About Branching and Merging FlowsLast Updated: 08/16/2018 Introduced in Version: 2.0
Branching and merging allows us to process multiple flow steps in parallel, rather than one after the other. You can create branches and mergers by dragging and dropping the Branch Step and Merge Step components to the Flow Designer work space, and structuring the steps which should be run in parallel between them.
In our example project, we will create a new flow to process four forms in parallel. First, we will navigate to our Designer Folder and click the Create Flow button.
Once we’ve named our new flow, select CREATE. The Flow Designer opens.
In the Steps panel, navigate to Forms [Interaction] > [Current Folder], and drag the previously created, elements to our Flow Designer work space: Form 1, Form 2, Form 3 and Form 4. Keep in mind that in this use case, each form contains an Action button. The Branch Step offers anchors that can be connected to the inputs of our forms.
Connect a Branch Step to the input of each form then, connect the output of each form to the Merge Step. This will merge the output of all four forms into one input for the end step. All we have to do now is connect our Start and End steps, and our Flow will be ready to test.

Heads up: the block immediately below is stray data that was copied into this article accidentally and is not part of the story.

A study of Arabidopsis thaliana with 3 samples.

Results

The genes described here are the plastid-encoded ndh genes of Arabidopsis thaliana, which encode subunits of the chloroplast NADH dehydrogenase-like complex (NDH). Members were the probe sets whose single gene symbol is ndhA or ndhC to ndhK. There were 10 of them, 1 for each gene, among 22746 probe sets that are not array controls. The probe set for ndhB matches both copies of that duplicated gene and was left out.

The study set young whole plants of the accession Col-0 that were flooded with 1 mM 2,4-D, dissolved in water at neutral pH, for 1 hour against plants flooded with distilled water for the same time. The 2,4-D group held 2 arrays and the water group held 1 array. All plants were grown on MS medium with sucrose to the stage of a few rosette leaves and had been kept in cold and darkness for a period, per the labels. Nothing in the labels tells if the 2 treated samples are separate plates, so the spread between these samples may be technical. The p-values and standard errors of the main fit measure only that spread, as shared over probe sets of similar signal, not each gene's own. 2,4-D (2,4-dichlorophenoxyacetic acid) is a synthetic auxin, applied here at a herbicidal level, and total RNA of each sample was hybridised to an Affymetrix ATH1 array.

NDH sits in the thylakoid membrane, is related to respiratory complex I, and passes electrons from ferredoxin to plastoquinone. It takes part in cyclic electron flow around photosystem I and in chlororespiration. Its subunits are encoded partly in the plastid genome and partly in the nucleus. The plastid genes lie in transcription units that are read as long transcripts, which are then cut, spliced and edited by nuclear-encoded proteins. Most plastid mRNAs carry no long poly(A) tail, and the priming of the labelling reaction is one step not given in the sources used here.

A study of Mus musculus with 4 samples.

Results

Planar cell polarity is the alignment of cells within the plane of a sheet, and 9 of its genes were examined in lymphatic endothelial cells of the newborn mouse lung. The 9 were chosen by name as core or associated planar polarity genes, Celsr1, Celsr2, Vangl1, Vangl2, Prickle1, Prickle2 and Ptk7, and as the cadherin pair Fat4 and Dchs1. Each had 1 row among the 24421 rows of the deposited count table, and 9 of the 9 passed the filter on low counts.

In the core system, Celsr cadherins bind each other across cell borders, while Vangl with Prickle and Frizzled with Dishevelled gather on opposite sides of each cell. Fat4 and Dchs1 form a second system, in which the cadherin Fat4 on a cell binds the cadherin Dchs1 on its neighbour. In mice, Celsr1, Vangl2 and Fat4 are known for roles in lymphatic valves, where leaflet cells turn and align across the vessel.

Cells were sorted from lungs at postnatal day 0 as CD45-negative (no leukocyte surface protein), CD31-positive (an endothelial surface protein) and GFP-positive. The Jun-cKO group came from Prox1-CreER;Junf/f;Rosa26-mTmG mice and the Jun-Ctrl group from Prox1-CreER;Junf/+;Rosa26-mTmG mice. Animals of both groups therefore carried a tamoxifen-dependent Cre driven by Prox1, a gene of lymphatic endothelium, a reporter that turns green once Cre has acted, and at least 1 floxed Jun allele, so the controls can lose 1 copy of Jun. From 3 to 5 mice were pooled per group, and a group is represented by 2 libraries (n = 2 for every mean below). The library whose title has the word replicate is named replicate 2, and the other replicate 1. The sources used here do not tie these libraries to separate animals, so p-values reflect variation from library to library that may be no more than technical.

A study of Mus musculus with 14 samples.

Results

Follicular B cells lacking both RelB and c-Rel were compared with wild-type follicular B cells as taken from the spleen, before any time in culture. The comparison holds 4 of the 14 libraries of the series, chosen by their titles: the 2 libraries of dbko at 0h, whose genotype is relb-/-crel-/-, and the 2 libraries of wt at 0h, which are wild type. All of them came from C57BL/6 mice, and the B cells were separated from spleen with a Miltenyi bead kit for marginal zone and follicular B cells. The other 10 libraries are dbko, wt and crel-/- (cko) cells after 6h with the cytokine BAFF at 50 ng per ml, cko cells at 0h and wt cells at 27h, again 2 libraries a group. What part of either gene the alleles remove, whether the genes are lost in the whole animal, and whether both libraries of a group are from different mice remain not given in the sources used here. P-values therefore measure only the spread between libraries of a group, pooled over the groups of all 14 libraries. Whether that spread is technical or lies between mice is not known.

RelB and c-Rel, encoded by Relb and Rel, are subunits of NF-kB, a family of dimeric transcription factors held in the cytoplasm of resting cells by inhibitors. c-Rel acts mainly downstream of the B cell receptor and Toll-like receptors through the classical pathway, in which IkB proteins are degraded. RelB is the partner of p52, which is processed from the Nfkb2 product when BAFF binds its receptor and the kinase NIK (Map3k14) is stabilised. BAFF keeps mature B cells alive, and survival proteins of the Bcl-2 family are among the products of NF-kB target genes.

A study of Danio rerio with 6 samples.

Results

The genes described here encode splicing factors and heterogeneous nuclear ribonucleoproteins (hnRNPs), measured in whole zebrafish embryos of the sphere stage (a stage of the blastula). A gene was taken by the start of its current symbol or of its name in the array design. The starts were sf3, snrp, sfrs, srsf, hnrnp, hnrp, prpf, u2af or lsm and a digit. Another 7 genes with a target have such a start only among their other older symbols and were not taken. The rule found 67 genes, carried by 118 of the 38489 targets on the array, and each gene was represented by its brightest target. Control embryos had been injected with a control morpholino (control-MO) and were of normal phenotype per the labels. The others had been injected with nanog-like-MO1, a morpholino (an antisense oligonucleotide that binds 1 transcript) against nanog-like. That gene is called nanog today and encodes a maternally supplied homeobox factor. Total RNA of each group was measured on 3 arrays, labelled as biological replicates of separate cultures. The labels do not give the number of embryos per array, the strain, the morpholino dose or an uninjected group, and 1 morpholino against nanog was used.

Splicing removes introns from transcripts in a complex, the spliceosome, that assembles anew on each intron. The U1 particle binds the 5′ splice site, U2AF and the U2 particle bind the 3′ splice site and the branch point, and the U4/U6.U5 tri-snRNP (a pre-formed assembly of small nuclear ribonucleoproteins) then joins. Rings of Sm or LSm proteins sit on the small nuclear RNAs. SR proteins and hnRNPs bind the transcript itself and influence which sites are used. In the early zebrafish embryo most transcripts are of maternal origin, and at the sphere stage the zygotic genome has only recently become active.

Stepping through the debugger, we can see how each form is presented in sequence. The debugger is accessed through the Debug Flow link. Each form’s output is held at the Merge step until the other forms have been processed, after which all form data is combined and sent to the end step.
Looking at the debugger, the forms receive input from the Branch Step. The Merge Step accepts the outputs of all four forms, merges them, and sends a single output to the end step.
In the Merge Step Property Settings there are two Options for the Merge Type: This Flow Only and Include Sub Flows. This Flow Only merges in the current flow. If sub flows are within the branch then, we may need to use the Include Sub Flows Merge Type. When using Include Sub Flows it is important to understand the Scope. For Example, we have a flow called Flow A. Flow A contains sub flow B, and Flow B contains sub flow C. If we use the Include Sub Flows Merge Type in Flow B then, it will only merge in sub flow C.